Weekly news round-up
Mindfulness and EHS, technology’s role in traffic accident prevention and the consequence of an aviation company’s “casual” attitude toward safety were among this week’s top stories posted on ISHN.com.
The U.S. Chemical Safety Board (CSB) has released its 2017–2021 Strategic Plan, which includes an updated mission and vision statement that will guide the activities and objectives of the CSB.
The American Industrial Hygiene Association (AIHA) is seeking nominations for its highly coveted Fellow Award, which will be presented at the 2017 American Industrial Hygiene Conference and Exposition (AIHce), held June 4-7 in Seattle, WA.
A FairWarning.org story:
Swarms of drug industry lobbyists and campaign cash stymie bid to restrain Medicare prescription costs
When the Republican-controlled Congress approved a landmark program in 2003 to help seniors buy prescription drugs, it slapped on an unusual restriction: The federal government was barred from negotiating cheaper prices for those medicines. Instead, the job of holding down costs was outsourced to the insurance companies delivering the subsidized new coverage, known as Medicare Part D.
OSHA has agreed to further delay enforcement of the anti-retaliation provisions in its injury and illness tracking rule until Dec. 1, 2016. The U.S. District Court for the Northern District of Texas requested the delay to allow additional time to consider a motion challenging the new provisions.
Will rapidly developing technology-based safety enhancements for vehicles be able to counter human error – which causes more than 30,000 traffic fatalities a year on U.S. roads?
The Southeastern part of the U.S. has an especially high workplace fatality rate, with 5.2 work-related injury deaths per 100,000 workers in 2014, compared with 3.8 nationwide, according to the National Institute for Occupational Safety and Health (NIOSH).
The U.S. Chemical Safety Board (CSB) says the deadly June 13, 2013, explosion and fire at the Williams Olefins Plant in Geismar, Louisiana was 12 years in the making.
Company had “casual” attitude toward compliance
The National Transportation Safety Board determined Tuesday that the flight crew’s mismanagement of the approach and multiple deviations from standard operating procedures caused the Nov. 10, 2015, crash of a Part 135 on-demand charter flight in Akron, Ohio. The charter company’s casual attitude toward compliance with standards was a contributing factor in the accident.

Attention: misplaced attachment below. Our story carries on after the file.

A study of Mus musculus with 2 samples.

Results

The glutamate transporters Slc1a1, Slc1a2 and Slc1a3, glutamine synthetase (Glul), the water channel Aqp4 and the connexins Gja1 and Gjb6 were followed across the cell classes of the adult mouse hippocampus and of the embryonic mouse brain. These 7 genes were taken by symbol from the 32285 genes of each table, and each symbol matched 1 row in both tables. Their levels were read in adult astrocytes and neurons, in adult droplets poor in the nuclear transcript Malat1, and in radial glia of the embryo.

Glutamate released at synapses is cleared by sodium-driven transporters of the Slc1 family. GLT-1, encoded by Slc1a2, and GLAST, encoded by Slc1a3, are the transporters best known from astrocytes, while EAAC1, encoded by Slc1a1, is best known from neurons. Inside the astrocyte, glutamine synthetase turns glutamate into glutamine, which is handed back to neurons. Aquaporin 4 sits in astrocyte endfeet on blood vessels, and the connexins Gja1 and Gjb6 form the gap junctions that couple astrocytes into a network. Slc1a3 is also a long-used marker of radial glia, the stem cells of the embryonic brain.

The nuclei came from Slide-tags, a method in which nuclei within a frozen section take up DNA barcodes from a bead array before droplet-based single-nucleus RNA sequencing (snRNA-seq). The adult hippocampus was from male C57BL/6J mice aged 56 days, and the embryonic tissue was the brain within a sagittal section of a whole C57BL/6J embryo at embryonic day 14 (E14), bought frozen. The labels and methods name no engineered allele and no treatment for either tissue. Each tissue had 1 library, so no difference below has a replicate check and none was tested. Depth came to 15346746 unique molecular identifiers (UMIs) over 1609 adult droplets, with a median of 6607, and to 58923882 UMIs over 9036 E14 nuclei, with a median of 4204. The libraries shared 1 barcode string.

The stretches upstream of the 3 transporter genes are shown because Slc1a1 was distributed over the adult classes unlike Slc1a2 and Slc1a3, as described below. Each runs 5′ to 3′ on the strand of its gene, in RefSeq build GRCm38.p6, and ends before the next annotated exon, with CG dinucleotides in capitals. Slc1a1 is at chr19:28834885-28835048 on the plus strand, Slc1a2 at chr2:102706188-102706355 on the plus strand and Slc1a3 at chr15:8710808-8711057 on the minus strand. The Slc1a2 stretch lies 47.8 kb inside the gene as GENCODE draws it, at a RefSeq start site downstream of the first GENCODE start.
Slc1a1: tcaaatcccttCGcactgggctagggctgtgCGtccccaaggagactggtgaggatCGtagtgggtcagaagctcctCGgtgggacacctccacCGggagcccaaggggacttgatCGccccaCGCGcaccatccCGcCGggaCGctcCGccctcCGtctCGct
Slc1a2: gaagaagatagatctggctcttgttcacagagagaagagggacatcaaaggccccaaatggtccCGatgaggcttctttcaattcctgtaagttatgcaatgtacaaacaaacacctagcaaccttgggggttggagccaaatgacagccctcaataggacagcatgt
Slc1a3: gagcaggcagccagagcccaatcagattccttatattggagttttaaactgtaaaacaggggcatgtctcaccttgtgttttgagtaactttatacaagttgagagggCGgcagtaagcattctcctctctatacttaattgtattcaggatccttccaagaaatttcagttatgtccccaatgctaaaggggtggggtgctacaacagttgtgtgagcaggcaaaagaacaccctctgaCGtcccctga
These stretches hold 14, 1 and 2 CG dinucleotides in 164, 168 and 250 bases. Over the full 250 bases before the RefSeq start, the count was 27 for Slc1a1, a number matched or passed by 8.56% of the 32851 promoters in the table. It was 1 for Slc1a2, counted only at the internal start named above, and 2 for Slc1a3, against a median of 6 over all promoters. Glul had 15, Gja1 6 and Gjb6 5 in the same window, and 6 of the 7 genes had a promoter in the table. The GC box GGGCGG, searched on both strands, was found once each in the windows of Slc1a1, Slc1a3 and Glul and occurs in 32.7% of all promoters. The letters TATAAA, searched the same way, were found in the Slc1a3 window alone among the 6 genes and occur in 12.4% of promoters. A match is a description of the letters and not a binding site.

From NSC Congress & Expo
OSHA yesterday announced the preliminary Top 10 most frequently cited workplace safety violations for fiscal year 2016. Patrick Kapust, deputy director of OSHA’s Directorate of Enforcement Programs, presented the list at the NSC Congress & Expo.
OSHA: Monster Tree Service failed to follow proper safety measures
Had proper precautions been taken, a 34-year-old tree trimmer would not have been fatally electrocuted when an aluminum pole saw made contact with overhead power lines, an OSHA investigation has found.
Last month, the European Commission published a report aimed at assessing the framework agreement on harassment and violence at work adopted in 2007 by the European social partners. The document reports wide disparities between countries with regard to the implementation of the agreement and its real impact at company level.
Traffic deaths in the first half of 2016 are still going up, and the U.S. Department of Transportation’s National Highway Traffic Safety Administration (NHTSA) is urging parents and teens to take essential steps to prevent accidents during National Teen Driver Safety Week (October 16-22).
From 2016 NSC Congress & Expo
NSC president and CEO Deborah Hersman, asked audience members if it’s possible to eliminate preventable deaths. In her opening she said to focus on starting with your team and moving up from there. She asked attendees to stand if they thought it is possible to eliminate all preventable workplace injuries.
In part one of this article, we covered quite a lot – what mindfulness is, why it’s relevant to EHS, and where, as humans, we have the most control over our lives. Moving on from distractions and reactions, here we’re going to look at solutions.
Previous academic research has found that having greater control over your job can help you manage work-related stress. But it's never suggested that it was a matter of life and death -- until now. New research from the Indiana University Kelley School of Business finds that those in high-stress jobs with little control over their workflow die younger or are less healthy than those who have more flexibility and discretion in their jobs and are able to set their own goals as part of their employment.
It’s equal for Republicans and Democrats
Facing one of the most adversarial contests in recent history and daily coverage of the presidential election that dominates every form of mass media, 52 percent of American adults report that the 2016 election is a very or somewhat significant source of stress. The survey was conducted online among adults 18+ living in the U.S. by Harris Poll on behalf of the American Psychological Association.
An explosion and fire this morning at a massive chemical plant in Lampertheim, Germany has killed one person and injured seven others, six seriously. News sources are reported that six people are missing, although they are warn that the incident is still unfolding and new information could become available.
What are you doing right now? Chances are you’ve got a number of things on your mind. You are reading, check, you may be drinking a coffee, waiting on an email or half-working on the report that’s due by the end of the week.